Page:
Why You Need the Next Generation

By Lance Woodbury on September 16, 2015

The average age of the US farmer is 58, and that means lots of farms are facing succession: the transfer of management from one generation to the next. While the succession process is usually not easy, keeping in mind the following three benefits a younger generation brings to the table.

Enthusiasm: Do you recall your feelings as you finished high school or college? You were eager to get started, open to tackling big challenges, willing to work long hours and excited about making a positive impact. Such youthful enthusiasm infuses an organization with energy, propelling high performance, quick responses, a willingness to take risks and the initiative to meet the demands of an uncertain and unpredictable business environment.

Education: We are clearly at the dawn of a new day as it relates to agricultural technology on the farm. From seeds in the bag to sensors in the soil, from equipment in the field to imagery from the air, new ways to improve, understand, evaluate and make decisions for your business abound. While it takes the senior generation time, energy and attention to learn new technologies, the younger crowd – whatever their level of formal education – seems to be right at home in the digital age, easily and eagerly adapting to new tools. This youthful knowledge of all things digital can help your farm run more efficiently.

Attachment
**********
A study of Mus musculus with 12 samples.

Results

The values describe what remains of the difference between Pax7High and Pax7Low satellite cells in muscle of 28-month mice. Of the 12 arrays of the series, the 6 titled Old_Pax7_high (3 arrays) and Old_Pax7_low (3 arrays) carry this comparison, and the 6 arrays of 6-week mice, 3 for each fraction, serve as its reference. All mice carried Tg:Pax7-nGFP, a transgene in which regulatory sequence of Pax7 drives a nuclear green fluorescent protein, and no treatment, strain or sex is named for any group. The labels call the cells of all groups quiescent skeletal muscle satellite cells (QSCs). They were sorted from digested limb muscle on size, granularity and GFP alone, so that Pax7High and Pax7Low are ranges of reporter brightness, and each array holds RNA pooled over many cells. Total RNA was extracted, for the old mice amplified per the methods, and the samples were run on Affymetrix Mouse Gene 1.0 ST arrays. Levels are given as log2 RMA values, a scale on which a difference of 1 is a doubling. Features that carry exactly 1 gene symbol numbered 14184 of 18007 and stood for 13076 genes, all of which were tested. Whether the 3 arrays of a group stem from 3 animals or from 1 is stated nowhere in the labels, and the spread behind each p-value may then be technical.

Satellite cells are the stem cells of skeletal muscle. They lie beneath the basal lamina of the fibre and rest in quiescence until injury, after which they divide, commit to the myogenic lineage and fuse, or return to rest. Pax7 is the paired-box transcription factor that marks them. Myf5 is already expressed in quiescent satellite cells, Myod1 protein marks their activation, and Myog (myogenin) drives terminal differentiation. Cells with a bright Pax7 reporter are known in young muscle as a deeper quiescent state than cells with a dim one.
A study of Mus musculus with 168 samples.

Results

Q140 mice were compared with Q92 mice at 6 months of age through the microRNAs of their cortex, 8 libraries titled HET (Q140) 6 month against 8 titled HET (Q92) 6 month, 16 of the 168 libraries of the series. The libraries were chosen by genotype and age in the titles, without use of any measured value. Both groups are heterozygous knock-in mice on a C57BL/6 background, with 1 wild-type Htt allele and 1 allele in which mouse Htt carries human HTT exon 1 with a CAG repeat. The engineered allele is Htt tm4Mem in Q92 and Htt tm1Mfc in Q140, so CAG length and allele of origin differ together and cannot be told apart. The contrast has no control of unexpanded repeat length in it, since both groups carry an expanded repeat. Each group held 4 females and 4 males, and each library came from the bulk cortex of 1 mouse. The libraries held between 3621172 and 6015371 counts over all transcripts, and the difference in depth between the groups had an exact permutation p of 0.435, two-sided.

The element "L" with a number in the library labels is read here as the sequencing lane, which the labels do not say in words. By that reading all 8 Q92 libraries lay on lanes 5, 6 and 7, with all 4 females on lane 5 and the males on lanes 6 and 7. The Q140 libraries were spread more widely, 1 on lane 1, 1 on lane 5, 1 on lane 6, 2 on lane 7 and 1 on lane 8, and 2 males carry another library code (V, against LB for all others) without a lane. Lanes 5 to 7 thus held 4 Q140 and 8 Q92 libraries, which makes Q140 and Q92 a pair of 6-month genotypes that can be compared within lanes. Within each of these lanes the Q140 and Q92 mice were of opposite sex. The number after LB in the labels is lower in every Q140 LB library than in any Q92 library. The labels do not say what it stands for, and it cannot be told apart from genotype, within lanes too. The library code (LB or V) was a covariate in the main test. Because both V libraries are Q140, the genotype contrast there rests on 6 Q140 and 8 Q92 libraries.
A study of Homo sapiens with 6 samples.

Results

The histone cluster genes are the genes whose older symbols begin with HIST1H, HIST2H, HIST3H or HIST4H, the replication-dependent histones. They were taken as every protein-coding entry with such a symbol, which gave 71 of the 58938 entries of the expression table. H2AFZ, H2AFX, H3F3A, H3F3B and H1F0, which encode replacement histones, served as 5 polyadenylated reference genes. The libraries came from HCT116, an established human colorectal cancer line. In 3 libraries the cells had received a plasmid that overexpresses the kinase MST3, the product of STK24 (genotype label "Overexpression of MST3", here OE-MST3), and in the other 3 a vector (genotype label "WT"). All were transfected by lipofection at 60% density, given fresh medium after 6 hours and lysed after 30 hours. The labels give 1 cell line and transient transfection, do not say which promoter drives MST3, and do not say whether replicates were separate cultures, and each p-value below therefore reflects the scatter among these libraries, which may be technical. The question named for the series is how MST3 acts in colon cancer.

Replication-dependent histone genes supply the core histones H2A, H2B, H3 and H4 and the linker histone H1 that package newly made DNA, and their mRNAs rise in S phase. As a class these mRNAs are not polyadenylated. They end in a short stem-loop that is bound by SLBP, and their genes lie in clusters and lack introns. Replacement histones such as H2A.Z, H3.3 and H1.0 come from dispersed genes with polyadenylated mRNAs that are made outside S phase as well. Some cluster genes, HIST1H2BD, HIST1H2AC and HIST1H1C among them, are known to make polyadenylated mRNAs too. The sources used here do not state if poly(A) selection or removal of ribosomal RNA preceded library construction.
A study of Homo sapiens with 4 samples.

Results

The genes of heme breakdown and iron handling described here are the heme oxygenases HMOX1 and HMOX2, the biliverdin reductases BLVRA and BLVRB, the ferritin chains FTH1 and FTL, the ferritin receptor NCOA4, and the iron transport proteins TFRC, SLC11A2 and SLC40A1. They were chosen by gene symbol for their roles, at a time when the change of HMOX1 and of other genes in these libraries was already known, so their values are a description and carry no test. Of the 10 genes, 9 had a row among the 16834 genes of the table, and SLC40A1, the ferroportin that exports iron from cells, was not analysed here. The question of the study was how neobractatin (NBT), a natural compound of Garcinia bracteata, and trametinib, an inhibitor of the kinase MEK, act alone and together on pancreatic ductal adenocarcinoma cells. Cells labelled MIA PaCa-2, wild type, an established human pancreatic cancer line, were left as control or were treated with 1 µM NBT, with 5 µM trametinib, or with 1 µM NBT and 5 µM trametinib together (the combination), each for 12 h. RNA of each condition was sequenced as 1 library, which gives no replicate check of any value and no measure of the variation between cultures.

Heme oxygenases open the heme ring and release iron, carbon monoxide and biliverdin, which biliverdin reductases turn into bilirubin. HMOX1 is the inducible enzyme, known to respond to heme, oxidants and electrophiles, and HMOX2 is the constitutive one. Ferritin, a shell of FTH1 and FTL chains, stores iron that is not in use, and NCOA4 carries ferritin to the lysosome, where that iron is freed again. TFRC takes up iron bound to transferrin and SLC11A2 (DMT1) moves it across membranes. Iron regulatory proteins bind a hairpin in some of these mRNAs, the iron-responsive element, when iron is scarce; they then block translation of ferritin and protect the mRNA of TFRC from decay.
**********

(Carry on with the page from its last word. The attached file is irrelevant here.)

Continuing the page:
Evaluation: If you’ve been in business by yourself or with your siblings for very many years, you are accustomed to certain expectations about how the business should be managed. Your communication patterns, decision-making techniques, compensation and human resource tendencies – your way of doing things – is well established. Bringing new, younger generation perspectives into the business raises the (sometimes uncomfortable) question: Why do we do it this way? The opportunity to explore new stakeholders’ expectations for the business offers an opportunity to re-evaluate your culture and make improvements for the future.

The next generation has a lot to learn. But they also have a lot to contribute. Make sure the succession process is moving forward in your organization to capture the benefits of a generational transition.